From the Associated Press: The Obama administration is not ruling out the possibility of Russian membership in NATO.
Assistant Secretary of State Philip Gordon told U.S. lawmakers Tuesday that the United States would consider Russian membership in the military alliance that was founded to protect Europe from Soviet aggression.
Gordon said NATO should be open to European democracies. He added that “if Russia meets the criteria and can contribute to common security, and there is a consensus in the alliance, it shouldn’t be excluded.”
Is this a major shift in U.S. policy? Or just a catchy headline? NATOSource recalls similar language from the previous administration, as far back as 2001.
In Newsweek, Fareed Zakaria highlighted the following in his article entitled, Could Russia Join the West?
A senior American official, Richard Haass, director of policy planning at the State Department, explains, “There is no reason why, in principle, Russia could not become a member of NATO. Naturally it would take a while, but if Russia met the conditions set forth by current members, I don’t see why not.”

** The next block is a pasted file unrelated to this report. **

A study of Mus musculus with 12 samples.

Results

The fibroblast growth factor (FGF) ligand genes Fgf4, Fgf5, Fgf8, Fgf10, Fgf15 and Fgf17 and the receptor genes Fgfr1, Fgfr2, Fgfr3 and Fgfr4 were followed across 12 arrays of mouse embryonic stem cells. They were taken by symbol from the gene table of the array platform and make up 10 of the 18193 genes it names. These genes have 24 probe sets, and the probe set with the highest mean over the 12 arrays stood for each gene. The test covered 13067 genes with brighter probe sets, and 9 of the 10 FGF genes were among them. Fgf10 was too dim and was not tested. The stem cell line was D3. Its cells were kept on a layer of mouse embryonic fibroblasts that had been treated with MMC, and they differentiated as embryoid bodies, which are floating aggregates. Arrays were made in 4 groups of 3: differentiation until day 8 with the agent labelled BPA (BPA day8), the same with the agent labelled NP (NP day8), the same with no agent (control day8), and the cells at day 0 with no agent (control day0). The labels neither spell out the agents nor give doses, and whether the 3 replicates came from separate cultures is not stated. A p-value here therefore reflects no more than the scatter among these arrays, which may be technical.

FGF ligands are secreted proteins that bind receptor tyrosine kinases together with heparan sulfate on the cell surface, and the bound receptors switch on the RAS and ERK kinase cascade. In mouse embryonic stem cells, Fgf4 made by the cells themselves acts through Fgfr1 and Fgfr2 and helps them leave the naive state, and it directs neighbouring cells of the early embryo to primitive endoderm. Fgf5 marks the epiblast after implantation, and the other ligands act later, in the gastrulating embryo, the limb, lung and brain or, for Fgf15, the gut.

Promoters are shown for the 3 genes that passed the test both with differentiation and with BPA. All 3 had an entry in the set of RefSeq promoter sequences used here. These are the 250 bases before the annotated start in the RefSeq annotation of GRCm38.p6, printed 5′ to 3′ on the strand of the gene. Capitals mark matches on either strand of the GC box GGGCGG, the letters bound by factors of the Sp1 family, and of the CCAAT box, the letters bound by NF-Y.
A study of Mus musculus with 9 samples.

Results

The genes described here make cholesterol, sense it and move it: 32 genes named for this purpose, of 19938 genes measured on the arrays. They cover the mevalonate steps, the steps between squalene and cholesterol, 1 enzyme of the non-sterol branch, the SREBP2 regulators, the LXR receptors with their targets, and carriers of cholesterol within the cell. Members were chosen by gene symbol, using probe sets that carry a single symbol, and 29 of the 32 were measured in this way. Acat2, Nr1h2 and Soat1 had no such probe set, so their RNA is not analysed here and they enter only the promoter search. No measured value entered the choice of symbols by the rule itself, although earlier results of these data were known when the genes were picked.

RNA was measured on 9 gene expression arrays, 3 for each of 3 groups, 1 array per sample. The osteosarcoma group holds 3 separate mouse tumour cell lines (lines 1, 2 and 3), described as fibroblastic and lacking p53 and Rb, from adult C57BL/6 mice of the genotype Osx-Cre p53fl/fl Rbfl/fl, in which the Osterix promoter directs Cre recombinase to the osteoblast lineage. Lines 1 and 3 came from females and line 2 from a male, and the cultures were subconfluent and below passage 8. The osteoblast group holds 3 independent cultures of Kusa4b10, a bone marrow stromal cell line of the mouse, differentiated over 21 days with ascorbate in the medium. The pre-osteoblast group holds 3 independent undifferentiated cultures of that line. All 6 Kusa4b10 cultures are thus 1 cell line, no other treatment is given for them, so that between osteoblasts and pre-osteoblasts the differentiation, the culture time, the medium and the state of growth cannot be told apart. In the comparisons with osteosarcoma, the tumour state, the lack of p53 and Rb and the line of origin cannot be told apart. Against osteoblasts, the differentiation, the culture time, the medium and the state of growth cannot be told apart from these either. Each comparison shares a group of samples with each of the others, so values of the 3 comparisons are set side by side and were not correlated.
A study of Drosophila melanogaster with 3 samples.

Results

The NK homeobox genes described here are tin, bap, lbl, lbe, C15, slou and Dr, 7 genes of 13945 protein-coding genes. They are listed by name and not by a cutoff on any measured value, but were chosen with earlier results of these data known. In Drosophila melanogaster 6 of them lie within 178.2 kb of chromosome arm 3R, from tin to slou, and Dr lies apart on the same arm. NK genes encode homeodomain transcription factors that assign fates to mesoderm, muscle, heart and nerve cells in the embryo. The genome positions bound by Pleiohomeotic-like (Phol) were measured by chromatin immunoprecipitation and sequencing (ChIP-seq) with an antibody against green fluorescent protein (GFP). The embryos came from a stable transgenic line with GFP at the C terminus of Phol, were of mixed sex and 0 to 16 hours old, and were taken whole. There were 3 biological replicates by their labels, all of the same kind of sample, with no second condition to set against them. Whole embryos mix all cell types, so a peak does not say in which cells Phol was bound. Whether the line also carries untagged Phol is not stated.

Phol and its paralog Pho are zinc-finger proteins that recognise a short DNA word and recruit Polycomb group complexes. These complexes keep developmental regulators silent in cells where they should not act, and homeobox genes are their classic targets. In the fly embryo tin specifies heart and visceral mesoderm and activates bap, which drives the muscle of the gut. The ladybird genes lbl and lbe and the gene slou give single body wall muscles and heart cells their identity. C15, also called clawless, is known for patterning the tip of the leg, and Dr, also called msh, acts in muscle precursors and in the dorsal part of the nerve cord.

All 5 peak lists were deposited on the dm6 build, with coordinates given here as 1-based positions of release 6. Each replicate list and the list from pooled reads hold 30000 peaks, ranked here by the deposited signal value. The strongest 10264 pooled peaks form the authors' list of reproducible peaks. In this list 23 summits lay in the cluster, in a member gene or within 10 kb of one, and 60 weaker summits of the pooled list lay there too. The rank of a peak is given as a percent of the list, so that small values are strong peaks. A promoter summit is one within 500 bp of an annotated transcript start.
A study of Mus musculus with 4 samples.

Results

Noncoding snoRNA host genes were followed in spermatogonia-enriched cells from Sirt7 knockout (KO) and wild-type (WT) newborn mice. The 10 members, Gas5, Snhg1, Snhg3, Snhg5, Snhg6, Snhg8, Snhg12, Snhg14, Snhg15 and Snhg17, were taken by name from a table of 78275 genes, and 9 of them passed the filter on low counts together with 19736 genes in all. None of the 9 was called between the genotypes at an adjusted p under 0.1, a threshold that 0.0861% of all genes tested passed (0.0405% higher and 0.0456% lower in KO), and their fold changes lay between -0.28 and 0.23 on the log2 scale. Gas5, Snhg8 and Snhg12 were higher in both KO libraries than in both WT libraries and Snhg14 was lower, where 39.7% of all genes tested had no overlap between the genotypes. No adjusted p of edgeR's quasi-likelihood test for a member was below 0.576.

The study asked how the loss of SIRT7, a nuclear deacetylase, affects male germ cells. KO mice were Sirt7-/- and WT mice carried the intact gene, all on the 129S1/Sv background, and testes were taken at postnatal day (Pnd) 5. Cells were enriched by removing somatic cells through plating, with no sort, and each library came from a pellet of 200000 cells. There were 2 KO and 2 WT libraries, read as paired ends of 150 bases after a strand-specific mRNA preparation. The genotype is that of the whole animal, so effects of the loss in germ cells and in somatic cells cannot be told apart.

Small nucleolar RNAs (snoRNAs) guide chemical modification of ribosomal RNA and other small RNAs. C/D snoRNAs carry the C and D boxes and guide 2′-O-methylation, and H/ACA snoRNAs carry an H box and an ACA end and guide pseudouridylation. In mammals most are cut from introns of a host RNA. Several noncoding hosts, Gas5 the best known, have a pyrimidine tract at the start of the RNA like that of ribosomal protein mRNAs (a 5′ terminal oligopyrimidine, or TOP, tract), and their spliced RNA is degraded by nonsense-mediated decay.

The U.S. and NATO have long held a policy of officially not excluding Moscow from someday joining the alliance, while privately keeping the issue from developing in the foreseeable future.
Back in 1991, NATO Secretary General Manfred Wörner responded to a letter from Russian President Boris Yeltsin which raised the issue of Russia joining NATO by carefully not ruling out the possibility of Russian membership.
From the New York Times: “He did not apply for membership, he just raises a question, and then says he regards that as a long-term political aim. My reaction is that nothing is excluded, and we will have time enough to develop relations.”
Not saying NO, is not the same as saying YES. We all have examples of what, “We’ll see,” often means.